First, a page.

Article: “Senior moment: Chains forget older customers” (Jul. 2002)

excerpt:

"Representing an untapped gold mine for restaurant and hotel businesses, those nearly 50 million middle-aged consumers and workers currently make up about a fifth of the nation's population and represent more than half of its discretionary purchasing power."

"Foodservice operators received "very poor" customer service grades from older guests in the university-sponsored USA Today study.

"A majority of the mature respondents consider themselves occasionally mistreated in restaurants," the researchers explained in the report. "For example, some of them felt rushed to finish eating so others could have the table. They also felt restaurant employees did not care about them." 

"Ironically, casual-dining chains, the growth horse of the restaurant industry, received the poorest marks for customer service to older guests. Inattentive servers, lack of product knowledge to address specific questions and slow service were common complaints among older restaurantgoers who eat in casual-dining establishments. Fastfood and fine-dining operations tended to generate more "satisfied" comments than casual dining, the report said."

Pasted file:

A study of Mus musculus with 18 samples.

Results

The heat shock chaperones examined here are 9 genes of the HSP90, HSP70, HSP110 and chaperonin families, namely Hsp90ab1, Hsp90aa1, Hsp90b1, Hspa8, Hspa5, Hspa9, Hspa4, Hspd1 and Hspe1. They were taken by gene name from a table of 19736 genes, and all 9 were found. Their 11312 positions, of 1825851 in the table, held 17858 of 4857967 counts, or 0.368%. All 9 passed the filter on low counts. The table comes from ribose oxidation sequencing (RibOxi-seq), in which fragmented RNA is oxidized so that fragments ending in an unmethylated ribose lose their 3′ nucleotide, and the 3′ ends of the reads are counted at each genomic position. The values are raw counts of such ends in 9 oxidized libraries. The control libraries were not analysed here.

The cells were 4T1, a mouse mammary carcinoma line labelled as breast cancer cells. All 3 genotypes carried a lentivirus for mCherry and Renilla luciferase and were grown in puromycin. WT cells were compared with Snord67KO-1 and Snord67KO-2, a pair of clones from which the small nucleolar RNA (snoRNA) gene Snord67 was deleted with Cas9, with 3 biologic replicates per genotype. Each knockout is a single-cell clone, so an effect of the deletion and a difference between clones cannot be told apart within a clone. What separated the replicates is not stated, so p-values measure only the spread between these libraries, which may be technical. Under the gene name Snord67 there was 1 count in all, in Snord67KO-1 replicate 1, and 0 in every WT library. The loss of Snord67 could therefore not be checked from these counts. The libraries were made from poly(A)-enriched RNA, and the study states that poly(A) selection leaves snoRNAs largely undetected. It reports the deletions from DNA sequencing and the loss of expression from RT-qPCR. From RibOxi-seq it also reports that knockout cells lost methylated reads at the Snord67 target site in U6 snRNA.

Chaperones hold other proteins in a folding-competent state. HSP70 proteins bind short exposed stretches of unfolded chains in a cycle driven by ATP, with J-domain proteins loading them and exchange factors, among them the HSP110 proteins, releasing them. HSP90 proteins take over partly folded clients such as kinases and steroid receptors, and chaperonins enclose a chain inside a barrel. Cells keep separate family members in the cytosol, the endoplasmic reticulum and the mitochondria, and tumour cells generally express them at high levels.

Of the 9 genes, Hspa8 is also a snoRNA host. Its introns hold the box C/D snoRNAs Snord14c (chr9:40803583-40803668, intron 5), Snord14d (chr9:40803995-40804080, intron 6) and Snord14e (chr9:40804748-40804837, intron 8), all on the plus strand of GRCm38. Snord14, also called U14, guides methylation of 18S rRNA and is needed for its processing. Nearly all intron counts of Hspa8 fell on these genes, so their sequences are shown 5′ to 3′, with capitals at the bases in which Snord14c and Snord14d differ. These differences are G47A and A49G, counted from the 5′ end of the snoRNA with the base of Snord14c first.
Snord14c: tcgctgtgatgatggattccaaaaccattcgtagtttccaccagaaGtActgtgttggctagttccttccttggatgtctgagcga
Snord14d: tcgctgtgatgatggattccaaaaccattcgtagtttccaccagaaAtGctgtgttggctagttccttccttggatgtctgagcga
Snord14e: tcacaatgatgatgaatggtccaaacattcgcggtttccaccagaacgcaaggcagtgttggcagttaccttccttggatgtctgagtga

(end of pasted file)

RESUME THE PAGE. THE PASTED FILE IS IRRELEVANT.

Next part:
link: "Senior moment: Chains forget older customers; study: mature workers fare no better – Statistical Data Included" by Milford Prewitt (Nation Restaurant News, Jul. 8, 2002)

WaiterBell Angle: The WaiterBell system would help restaurants address service issues highlighted in this article. The system helps empower all customers to help enhance their dining experience and prevent service gaps from developing.